Photo: iVenezuela Travel retrieved 

Watching today’s events at the Venezuelan National Assembly, it’s easy to see how this really began on December 6th, 2015, the day of Venezuela’s last competitive elections.

Despite technical issues concerning the design of electoral circuits, the pressure exercised by regime henchmen in voting stations and the illegal extension of voting table schedules, citizen turnout gave the opposition a majority in the National Assembly, a triumph that chavismo could never get even after modifying the Framework Law on Electoral Processes in 2009, to impose a majority representation system.

However, chavismo has never allowed the National Assembly to exercise any control over the Executive Branch (or any of its other faculties), ever.

During 2019, Maduro’s regime has applied two strategies to boycott the sessions. First, like today, they’ve prevented lawmakers from accessing the Federal Legislative Palace, because state security forces had allegedly been alerted about explosives in the building.

This excuse was also used in January 5th, although both times the (chavista) National Constituent Assembly was allowed to hold session afterwards (they share the same building).

At the time of writing, 34 lawmakers, including PSUV dissidents, are facing some sort of judicial process against them.

However, the main strategy is to deny the National Assembly the quorum it needs to work: to do that, chavismo must vacate 29 seats. Right now, 17 seats are in jeopardy because the lawmakers that should occupy them, both principal lawmakers and their replacements, are in prison (like Juan Requesens and Edgar Zambrano), detained (like Gilber Caro), exiled (like Julio Borges and Gaby Arellano), under diplomatic protection (like Freddy Guevara and Américo De Grazia) or in hiding, after being stripped off their parliamentary immunity (like Juan Andrés Mejías and Luis Florido). At the time of writing, 34 lawmakers, including PSUV dissidents, are facing some sort of judicial process against them.

When this piece was being edited to be published, the TSJ accused deputies Carlos Paparoni, Miguel Pizarro, Franco Casella and Winston Flores of crimes like treason, conspiracy, rebellion, and usurping functions. The highest court in the land advised the ANC to strip them off their parliamentary immunity, as they’ve done to the others.

This judiciary sabotage isn’t new: on December 23rd, 2015, the National Assembly still chaired by Diosdado Cabello illegally repacked the Supreme Tribunal of Justice (TSJ) with 33 new justices. Seven days later, on December 30th, 2015, the TSJ suspended the proclamation of four Amazonas lawmakers representing the native communities of the Amazonas-Apure circuit, due to alleged electoral fraud denounced by PSUV.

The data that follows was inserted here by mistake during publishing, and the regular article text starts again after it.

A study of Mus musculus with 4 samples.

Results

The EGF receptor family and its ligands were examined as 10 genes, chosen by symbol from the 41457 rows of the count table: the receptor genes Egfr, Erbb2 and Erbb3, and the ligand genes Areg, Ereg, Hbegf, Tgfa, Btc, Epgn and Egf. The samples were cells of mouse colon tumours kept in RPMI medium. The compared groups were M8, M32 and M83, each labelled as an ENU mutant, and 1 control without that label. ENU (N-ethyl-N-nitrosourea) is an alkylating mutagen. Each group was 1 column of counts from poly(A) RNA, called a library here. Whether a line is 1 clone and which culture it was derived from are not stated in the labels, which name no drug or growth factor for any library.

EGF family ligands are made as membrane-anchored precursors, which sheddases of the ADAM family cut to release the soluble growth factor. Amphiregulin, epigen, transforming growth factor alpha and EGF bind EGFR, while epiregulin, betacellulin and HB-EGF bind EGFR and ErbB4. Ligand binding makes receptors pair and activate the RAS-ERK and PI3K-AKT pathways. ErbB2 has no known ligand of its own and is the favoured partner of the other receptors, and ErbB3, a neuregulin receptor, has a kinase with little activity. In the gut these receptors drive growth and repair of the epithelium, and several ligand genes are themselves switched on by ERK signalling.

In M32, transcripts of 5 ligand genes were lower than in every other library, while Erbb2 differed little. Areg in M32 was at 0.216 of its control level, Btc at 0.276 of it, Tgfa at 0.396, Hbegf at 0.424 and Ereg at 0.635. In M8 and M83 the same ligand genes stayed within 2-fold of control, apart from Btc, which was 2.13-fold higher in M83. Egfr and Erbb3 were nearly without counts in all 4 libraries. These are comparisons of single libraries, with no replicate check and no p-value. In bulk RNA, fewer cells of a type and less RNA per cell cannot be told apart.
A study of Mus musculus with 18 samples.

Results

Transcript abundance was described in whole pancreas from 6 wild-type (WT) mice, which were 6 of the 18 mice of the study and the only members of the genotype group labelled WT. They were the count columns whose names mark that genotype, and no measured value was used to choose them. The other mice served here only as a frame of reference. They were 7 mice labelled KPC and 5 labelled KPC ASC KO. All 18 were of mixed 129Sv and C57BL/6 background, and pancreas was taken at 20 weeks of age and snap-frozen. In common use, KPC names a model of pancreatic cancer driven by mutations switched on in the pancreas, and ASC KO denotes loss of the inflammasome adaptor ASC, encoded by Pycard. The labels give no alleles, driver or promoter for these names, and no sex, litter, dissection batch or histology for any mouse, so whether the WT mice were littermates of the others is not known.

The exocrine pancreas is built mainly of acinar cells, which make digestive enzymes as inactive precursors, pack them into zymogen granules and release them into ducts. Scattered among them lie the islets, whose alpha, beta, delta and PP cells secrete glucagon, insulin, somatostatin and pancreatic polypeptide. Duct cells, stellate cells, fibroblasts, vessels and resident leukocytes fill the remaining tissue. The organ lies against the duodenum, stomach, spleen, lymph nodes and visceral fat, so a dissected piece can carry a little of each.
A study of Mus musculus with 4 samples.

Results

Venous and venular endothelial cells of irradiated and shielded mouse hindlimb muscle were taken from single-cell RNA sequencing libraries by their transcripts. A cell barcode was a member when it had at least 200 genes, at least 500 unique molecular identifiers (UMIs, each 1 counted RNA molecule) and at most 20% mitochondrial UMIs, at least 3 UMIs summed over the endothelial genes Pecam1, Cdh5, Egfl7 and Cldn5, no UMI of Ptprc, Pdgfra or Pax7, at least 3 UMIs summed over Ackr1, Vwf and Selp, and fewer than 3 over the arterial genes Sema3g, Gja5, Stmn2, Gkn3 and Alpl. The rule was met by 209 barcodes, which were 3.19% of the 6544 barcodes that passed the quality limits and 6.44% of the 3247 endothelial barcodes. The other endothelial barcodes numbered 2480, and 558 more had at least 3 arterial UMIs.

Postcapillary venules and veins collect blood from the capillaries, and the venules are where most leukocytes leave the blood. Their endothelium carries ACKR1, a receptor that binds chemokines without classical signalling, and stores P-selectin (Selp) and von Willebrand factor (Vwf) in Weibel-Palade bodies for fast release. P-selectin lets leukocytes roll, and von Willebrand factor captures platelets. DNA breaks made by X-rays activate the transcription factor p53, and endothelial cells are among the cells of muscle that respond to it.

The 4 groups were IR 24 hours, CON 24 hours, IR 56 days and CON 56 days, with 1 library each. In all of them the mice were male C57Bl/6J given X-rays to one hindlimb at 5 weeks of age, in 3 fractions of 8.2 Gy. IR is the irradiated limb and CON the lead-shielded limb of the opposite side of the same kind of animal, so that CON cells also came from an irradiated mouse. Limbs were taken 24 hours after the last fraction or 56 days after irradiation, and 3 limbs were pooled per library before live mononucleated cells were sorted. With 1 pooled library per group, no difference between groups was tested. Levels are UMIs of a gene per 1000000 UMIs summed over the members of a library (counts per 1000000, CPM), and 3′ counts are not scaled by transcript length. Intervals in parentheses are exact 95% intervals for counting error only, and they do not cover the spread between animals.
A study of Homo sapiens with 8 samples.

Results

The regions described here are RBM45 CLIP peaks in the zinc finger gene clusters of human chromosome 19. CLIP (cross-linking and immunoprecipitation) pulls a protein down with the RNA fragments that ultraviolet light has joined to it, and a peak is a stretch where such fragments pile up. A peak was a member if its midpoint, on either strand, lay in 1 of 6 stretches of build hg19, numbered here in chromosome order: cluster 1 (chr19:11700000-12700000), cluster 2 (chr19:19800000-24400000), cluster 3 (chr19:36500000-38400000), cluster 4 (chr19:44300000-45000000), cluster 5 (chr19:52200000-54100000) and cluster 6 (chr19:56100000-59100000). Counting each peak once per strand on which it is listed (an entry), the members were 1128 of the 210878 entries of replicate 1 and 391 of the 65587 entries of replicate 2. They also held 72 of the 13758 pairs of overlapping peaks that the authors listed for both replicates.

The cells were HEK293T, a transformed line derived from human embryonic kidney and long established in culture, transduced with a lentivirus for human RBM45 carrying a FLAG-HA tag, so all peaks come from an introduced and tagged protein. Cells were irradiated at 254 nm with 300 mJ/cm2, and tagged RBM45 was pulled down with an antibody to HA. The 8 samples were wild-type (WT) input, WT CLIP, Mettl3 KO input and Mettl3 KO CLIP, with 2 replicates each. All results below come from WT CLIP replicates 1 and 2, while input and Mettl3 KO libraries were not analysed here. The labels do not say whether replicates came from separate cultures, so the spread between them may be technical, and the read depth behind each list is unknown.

It’s been 1,231 days since that complaint was filed, and there’s been no trial to determine its outcome.

A timeline of the judiciary sabotage against the AN. The TSJ has issued 97 rulings to dissolve the National Assembly.

Based on that unresolved suspension, the TSJ declared the National Assembly in contempt when they decided to swear three of these lawmakers into office; this was also the chavista excuse to justify the installation of a National Constituent Assembly. Since then, the TSJ has issued 97 rulings to dissolve the National Assembly, which NGO Acceso a la Justicia sees as “the veiled abolishment of democracy,” because “the AN was kidnapped by the government through the justice system, which includes not only the Judiciary, but also the Prosecutor’s Office, the police, the prison system and the Ombudsman’s Office.”

Since then, the TSJ has issued 97 rulings to dissolve the National Assembly.

Endless State of Emergency

The assault against the National Assembly and opposition lawmakers is complemented by the State of Emergency declared by Maduro, on January 14th, 2016, to regulate food production and distribution, and also to freely use the national budget as well as non-budgetary resources.

That decree was valid until March 11th, 2016, but it’s been extended several times since, which means Maduro’s had special powers for the past three years. The last extension of the State of Emergency approved by the TSJ will coincide with the time the National Constituent Assembly should present a new Constitution. In theory, the text was discussed for the last two years, and a referendum could be held to approve it amidst a State of Exception, with Maduro occupying Miraflores Palace, with a severely affected parliamentary quorum, without any changes to the Electoral Branch and amidst a rampant complex humanitarian emergency.

Today’s events have been happening for years, and you can trace it back to that time when El Comandante named, by the power of his will alone, a new Metropolitan mayor over the vote of the people.

This is democracy in chavismo: tons of elections that only count when the reds win.